Police officers are being given mobile finger print scanners to instantly identify suspected criminals and illegal immigrants.
Two hundred and fifty of the new pocket-sized devices are being trialled in West Yorkshire before being rolled out by the Home Office across the country.
The scanners, which cost less than £300 each, can be used by any officer to take two fingerprints from a suspect.
They are then checked in seconds against records held in two national databases of fingerprints called IABS and IDENT1.
IABS contains the fingerprints of all processed asylum seekers, while IDENT1, designed and managed by American aerospace and defence technology giant Northrop Grunman, holds data from people who have been previously arrested in the UK.
The scanners access records via the Biometric Services Gateway described by the Home Office as “a common platform for future biometrics services”.
The announcement that the devices can be used to identify illegal immigrants comes less than a month after MPs on the Home Affairs Select Committee expressed concern over a 10% error rate in official lists of “disqualified people”.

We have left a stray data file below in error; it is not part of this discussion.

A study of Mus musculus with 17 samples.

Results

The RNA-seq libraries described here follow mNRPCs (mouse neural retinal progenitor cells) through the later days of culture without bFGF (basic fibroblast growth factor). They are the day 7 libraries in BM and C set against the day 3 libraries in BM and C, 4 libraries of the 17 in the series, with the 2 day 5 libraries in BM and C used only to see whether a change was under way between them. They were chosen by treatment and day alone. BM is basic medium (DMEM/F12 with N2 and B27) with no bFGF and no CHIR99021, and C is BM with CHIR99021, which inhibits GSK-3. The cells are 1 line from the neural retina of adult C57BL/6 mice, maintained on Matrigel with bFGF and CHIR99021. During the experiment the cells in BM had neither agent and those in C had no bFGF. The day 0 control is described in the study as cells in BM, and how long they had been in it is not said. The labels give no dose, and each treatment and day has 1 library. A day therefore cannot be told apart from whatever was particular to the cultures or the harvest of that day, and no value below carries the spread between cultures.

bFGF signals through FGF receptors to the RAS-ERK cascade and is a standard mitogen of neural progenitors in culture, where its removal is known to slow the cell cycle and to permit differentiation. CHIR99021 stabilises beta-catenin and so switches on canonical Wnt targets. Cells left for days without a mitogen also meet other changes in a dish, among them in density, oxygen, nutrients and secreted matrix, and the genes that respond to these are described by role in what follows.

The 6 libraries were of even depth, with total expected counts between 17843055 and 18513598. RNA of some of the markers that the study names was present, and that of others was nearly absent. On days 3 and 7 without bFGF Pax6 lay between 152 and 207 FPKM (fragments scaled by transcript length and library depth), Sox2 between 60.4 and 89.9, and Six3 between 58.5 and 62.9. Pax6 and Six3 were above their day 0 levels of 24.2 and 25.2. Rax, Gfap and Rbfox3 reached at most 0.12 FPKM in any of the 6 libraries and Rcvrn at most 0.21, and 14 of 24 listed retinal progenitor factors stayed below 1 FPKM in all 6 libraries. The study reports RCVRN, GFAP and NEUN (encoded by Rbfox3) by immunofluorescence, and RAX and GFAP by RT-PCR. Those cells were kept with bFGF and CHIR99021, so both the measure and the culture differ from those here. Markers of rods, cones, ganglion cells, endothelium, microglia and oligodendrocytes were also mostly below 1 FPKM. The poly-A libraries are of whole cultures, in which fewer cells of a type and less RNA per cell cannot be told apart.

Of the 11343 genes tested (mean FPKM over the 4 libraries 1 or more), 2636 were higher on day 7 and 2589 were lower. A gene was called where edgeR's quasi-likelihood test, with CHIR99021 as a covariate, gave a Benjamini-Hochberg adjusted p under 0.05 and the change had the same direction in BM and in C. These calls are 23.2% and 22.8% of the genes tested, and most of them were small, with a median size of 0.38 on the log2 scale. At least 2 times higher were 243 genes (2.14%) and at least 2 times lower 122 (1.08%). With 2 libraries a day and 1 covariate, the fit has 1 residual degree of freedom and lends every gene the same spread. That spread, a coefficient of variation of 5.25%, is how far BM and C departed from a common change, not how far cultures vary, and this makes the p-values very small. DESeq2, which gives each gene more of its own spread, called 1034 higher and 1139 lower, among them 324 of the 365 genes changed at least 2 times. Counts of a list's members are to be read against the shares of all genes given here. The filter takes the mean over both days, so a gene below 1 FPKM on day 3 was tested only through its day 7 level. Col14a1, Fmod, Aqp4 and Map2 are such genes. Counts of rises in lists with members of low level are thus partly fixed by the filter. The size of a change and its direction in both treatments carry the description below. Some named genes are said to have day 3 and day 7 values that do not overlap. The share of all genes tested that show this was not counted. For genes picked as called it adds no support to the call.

According to Home Office documentation, the IABS system holds “information that the person gave to the UK Border Agency” which can be used “to check if the person was removed (or made a voluntary departure), which will show the destination country”.
Chief Inspector Ian Williams of West Yorkshire Police acknowledged that the devices will raise some concerns, but said they will only be used where an offence is suspected and the person’s identity is in doubt.
“There are human rights concerns that people will have about us using this technology,” he said. “But to reassure people… the fingerprints themselves don’t get held on our device, they are used for the purposes of the search and then they’re gone.”
Minister for Policing and the Fire Service Nick Hurd said: “It’s clear that by embracing technology the police can improve efficiency and, if all forces delivered the level of productivity from mobile working as the leading forces, the average officer could spend an hour a day extra on the frontline.”